As most thoughts were still on Geneva and while the jury was still out deciding the good, the bad and the ugly from SIHH (and thankfully this year there were far more in the first category than the latter two), Hamilton was giving the world a sneaky peek at what it will unveil in Baselworld. This year’s offerings from the brand cash in on all of Hamilton’s historical influences resulting in a headline-grabbing collection ranging from the classic to the totally unusual. And among the 2014 designs are three new calibres, all boasting 80 hours of power reserve.
Perhaps the most interesting watch from a design perspective is a reworking of the 1930s Flintridge. A watch that was originally created as a sports timepiece (and named after a famous golf resort of the time, as were the Piping Rock and Meadowbrook models), the 2014 stainless steel Flintridge comes in a man’s and a woman’s version both in editions of 999 pieces.
The charm of the original watches – and indeed the new ones – lies in the innovative use of shape, something that Hamilton has excelled at since the early-1930s when it employed a Director of Styling whose role was dedicated to developing new cases and dials. One of the first pieces to go into production after this appointment, the Flintridge featured a rectangular case with softly curved sides and a flip-top lid to protect the dial and crystal from spills, scratches and dust.
Made in precious metals, with two different movement options (the 17-jewel 987 or the premium 19-jewel 979) and priced at between $125 and $150, these watches were serious investment pieces – particularly relevant when considering the timeframe. During The Depression years of the early-1930s the luxury market was hit hard and both brands and retailers desperately sought out new marketing initiatives to drive sales. The Flintridge was certainly not an impulse buy and, in order to appeal to the few that could afford such a purchase, it needed to offer something a little extra.
The saying goes that, just like buses, you wait forever for a great idea and then two come along at once and, typically, just as Hamilton was launching its new sporting timepiece, another design for a “wristwatch which can slide on its base and flip over on itself” was being patented. Developed out of a need to preserve a dial and glass while playing polo, Jaeger-LeCoultre’s Reverso had similar origins and aims to Hamilton’s Flintridge.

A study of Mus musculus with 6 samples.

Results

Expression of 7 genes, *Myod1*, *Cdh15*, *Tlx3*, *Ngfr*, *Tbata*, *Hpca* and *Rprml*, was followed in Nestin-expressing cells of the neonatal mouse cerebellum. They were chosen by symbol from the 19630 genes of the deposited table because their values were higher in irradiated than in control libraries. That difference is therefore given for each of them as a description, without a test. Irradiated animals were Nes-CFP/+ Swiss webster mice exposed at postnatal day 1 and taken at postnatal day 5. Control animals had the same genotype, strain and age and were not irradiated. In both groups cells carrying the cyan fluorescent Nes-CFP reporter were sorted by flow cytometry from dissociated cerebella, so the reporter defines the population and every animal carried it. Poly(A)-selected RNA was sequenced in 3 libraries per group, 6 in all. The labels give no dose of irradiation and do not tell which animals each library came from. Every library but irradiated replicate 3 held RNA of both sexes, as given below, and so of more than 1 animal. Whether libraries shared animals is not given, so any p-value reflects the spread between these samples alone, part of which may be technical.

Unsurprisingly, both brands were quick to seize the opportunity to upsell and heavily promoted personalisation – the dial cover in Hamilton’s case, the caseback in JLC’s. Referring to “the final touch”, Hamilton supplied retailers and customers with a letter containing suggested designs for monograms claiming: “No new Hamilton Flintridge is complete without a monogram or insignia – either engraved, enamelled or applied – on its protective cover.”
Unlike the Reverso, which went on to become a signature style and flagship model for its brand (despite some moments floundering in the fickle depths of fashion’s forgotten gems), the lifespan of the Flintridge was short meaning that surviving models are as rare as hen’s teeth. Antiquorum Auctioneers references only one piece coming up at its sales in the past 12 years: a white gold model that went into a Swiss sale in 1992 with an estimate of CHF3,500 (the watch failed to sell).
The 2014 men’s model, which will retail at CHF1,250, has a case measuring 37.2 x 40mm (50mm including the lugs) and bears more than a passing resemblance to the 23rd-century communicator from Star Trek. In a decorative twist on the 1930s model, day of the week is shown on the watch’s cover through a crescent-shaped aperture at 12 o’clock, while the date can be seen in a window at 6 o’clock. With customisation no longer an option, Hamilton has had to find other ways to decorate the cover, which features a central stripe of stippled clou de Paris. Hinged at the top, it lifts up to reveal a surprisingly simple, silver-coloured Jazzmaster–style dial with further clou de Paris patterning and applied nickel indexes. The watch is powered by one of the three new calibres: the H-40.
The folding lid of the simpler ladies version features a sunray pattern with an aperture at 6 o’clock, which gives a glimpse of a small cluster of diamonds set on the round, silvered dial below. An elegant 31 x 36mm (44mm including lugs), this piece houses an ETA 2681 automatic movement and is also priced at CHF1,250.
Whereas other pieces from the brand – such as the gorgeous blue-dialed Pan Europ on NATO-style strap – will no doubt have broader appeal, the Flintridge is sure to be a ‘love it or hate it’ talking point at Baselworld, polarising opinion and doing exactly what boundary-shifting design is supposed to do. And, as history shows, the new watches are sure to peak interest in the long-forgotten art deco original, pushing prices of 1930s examples into the stratosphere.